Just a short note to say Tuskfish 2 is in the works. It's going to be a partial re-write of the back end, but there will be minimal changes on the front end or from a user experience point of view. The database schema will also remain unchanged to allow seamless upgrade. Tuskfish 2 will be designed as a strict MVC architecture to improved separation of concerns, rather than the loose MVC it currently has. Components will be assembled through composition and inheritance will be fully dispensed with. A test suite is in the works.
I'm very happy about Github's decision to grant unlimited free private repositories. It's not that I objected to Github charging people for the services they provide, but to qualify for free access you had to make all of your repositories open source and public. The problem with that was that the world is actually better off with some repositories remaining private. Do you really want access to the scratch pad repository I'm using to learn a new language? I think not.
Sick of low quality clickbait articles about "the best" and "the most popular" programming languages? Everyone seems to play this game, even otherwise reputable sites. I suppose they do it because "what language should I learn" is a question that every aspiring programmer has to ask. There's a lot of traffic in it.
I have one more refactor of Tuskfish planned. The goal is to break down some of the more monolithic methods into smaller logical components that are easier to test. This will not involve adding any new functionality as the core system now does what I want it to do. From here on changes will largely focus on refining the structure, simplifying and clarifying the code to make the project more robust and easier to work with.
I was playing around with different password hashing algorithms and came across this password hash cost calculator. It's a simple script you can use to measure how long it takes to calculate a given hash on a particular machine. Since web hosting accounts often come with limited resources compared to your local dev box, it's useful for tuning the cost of your hashing algorithm (how many times you iterate the calculation) to keep it at a sane level.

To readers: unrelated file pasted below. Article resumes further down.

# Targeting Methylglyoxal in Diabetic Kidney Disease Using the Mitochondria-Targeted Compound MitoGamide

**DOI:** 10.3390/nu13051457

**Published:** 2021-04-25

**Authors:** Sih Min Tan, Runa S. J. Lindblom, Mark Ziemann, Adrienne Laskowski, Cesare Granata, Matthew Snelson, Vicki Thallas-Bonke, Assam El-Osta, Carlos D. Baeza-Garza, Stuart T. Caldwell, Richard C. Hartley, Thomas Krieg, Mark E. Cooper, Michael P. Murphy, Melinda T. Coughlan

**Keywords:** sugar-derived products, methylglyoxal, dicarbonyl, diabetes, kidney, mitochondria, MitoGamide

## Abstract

Tuskfish has had a substantial internal restructure. Static methods have been removed in favour of dependency injection, and modularity has been added (beginning of course with the content management module). The documentation needs extensive revision, when it's all ready the result will be released as Tuskfish V1.1.
I just finished reading Clean Code: A handbook of agile software craftsmanship, by Robert C. Martin. It’s a highly regarded book and contains many useful ideas; I have started refactoring some aspects of Tuskfish based on things I learned from it. This will include improving names, shortening and splitting up some of the larger functions into smaller logical units, replacing magic numbers with named constants and so on.
It feels strange to criticise PHP after developing a substantial (for me) project in it. Obviously I like the language and the recent performance improvements have given it a significant boost. But there are a few things that grate on the nerves and make me wonder about its long term future. Here are some of them, presented in no particular order.
I almost forgot to say, welcome to the Tuskfish CMS Project. It's a personal project that I created to solve a number of problems I was having at work revolving around ever-increasing maintenance overheads and ever-decreasing free time. I needed a robust and flexible but low-maintenance solution for web publishing, and here it is.
The Tuskfish API is now available as an online reference developed with ApiGen. Every class and method is documented and an explanation of its function and operation provided. This is the first version of the API reference and there is still room for improvement, but it will improve with time. The API will be updated alongside every release of the project.